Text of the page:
In Massachusetts, when you plan for your future, you may consider purchasing special insurance policies to cover unforeseen events. Insurance policies are complex legal documents with specific language that should be carefully read by its holder. When you create an estate plan, it is advisable to have experienced Massachusetts wills and estates attorneys at your side to assist with the creation and understanding of legal documents like a disability income policy.
The Commonwealth’s Appeals Court recently rendered a decision in Yunes vs. Unum Group (14-P-1871) regarding a disability income policy. The insurance company issued a disability policy to the holder that provided a benefit in the event that the holder became disabled at 64 but before the age of 65. If this event occurred, he was to receive $10,000 a month (including a cost of living adjustment) for 30 months. This was considered to be a “Total Disability Benefit.” Also included in the policy was a “Lifetime Total Disability Benefit Rider,” which was designed to provide additional benefits after the 30 month period of the Total Disability Benefit. However, this benefit distinguished between a disability by reason of injury and one by reason of sickness. The amount for an injury benefit included a cost of living adjustment in addition to the amount featured on the policy schedule. For sickness, the cost of living adjustment was also included, but the scheduled amount must be multiplied by a factor.
The policy holder submitted a claim under the policy and was approved for total disability benefits due to sickness when he turned 64. He received payments of $12,500 a month for his Total Disability Benefit, which eventually rose to $13,500 a month until its expiration. Upon its end, the calculation for the monthly Lifetime Disability payment was set at $1,350. The holder filed suit, alleging breach of contract, and sought a declaratory judgment, arguing that he was entitled to $12,500 a month for the remainder of his disabled life. As part of his justification, the holder pointed to a letter sent by the insurance company 10 years before the benefit was issued, which stated that the current benefit was for $12,500 after a 90-day waiting period for Total Disability, followed by $12,500 for his lifetime for accident or sickness. The letter also noted that the quoted benefit did not replace the actual contract issued by the insurance company.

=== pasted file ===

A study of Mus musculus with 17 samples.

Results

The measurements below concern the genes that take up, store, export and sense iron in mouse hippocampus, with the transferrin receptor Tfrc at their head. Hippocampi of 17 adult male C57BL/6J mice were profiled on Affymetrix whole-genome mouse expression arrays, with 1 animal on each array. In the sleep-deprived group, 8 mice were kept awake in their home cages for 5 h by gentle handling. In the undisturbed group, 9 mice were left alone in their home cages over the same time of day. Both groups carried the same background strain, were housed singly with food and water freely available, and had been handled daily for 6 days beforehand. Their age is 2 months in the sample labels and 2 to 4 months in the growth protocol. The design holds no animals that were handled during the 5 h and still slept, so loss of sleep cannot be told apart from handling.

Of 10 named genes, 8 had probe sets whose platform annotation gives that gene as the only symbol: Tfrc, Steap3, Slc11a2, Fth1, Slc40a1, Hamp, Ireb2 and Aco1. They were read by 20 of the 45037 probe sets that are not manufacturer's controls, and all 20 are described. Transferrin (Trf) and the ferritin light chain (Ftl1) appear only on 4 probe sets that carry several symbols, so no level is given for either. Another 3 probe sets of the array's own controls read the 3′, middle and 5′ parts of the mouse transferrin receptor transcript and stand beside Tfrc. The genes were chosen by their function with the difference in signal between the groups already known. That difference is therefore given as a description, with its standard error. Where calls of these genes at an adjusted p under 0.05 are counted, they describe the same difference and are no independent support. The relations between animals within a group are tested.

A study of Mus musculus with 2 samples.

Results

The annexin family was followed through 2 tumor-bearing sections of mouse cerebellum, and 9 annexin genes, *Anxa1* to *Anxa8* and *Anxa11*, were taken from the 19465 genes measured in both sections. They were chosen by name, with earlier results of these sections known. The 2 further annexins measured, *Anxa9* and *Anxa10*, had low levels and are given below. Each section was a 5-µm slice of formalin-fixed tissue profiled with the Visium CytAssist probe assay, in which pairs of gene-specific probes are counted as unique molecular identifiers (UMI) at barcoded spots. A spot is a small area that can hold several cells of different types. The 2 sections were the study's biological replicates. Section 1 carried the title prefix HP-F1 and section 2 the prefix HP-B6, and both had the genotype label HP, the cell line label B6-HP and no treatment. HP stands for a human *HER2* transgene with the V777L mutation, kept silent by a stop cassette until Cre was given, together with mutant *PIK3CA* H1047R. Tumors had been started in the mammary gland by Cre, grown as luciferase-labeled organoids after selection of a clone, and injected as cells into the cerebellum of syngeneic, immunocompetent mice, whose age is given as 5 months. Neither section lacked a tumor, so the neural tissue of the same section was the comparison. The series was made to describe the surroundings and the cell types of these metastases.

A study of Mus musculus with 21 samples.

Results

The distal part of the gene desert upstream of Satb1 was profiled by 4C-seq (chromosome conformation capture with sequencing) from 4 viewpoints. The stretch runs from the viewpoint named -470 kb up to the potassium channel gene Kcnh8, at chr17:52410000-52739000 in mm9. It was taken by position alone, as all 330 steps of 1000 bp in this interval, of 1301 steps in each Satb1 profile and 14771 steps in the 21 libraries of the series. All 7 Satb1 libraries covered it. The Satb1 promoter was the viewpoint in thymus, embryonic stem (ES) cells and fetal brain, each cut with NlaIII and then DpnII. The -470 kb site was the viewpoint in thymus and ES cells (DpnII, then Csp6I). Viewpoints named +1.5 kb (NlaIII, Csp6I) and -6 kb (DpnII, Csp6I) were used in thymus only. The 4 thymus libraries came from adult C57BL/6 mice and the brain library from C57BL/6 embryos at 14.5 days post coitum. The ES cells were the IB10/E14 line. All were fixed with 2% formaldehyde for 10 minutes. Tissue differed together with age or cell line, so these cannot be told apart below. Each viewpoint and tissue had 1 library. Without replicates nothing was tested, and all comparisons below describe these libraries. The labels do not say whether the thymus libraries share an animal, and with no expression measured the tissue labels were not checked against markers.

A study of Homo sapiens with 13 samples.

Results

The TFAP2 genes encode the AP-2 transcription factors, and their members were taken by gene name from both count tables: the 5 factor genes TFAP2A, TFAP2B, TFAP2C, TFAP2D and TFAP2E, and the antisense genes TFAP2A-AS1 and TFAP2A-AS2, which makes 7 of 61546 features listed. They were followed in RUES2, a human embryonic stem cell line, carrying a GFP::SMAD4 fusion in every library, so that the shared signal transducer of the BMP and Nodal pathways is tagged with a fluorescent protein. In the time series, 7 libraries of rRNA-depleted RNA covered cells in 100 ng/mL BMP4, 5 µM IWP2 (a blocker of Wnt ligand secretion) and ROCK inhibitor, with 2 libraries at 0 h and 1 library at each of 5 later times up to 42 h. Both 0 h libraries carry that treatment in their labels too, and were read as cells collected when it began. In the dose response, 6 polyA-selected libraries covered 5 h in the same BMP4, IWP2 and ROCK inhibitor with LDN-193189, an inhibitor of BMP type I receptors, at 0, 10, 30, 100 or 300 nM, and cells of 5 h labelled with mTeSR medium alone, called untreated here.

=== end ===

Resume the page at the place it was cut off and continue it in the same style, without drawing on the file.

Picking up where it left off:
The trial judge did not agree with the policy holder and found that $1,350 was the amount, per the policy, that was appropriate for the holder. The holder appealed, but the appellate court was not swayed by his argument either. The court felt the language of the policy was unambiguous. Upon reading the policy rider for Lifetime Disability for Sickness, and considering the agreed-upon facts that the holder was disabled due to sickness and had turned 65, the court felt the policy was issued as written. The $13,500 issued was multiplied by a 10% factor, which then produced the lifetime monthly amount of $1,350 per month, as long as the holder remains totally disabled. Even though it was different in its reasoning, the appellate court affirmed the judgment of the trial court.
The Massachusetts estate planning attorneys at Karsner & Meehan know that estate planners seek as much certainty and security for the future as possible. Our attorneys are here to help you with your planning. For a free, confidential consultation, contact our office at 508.822.6600.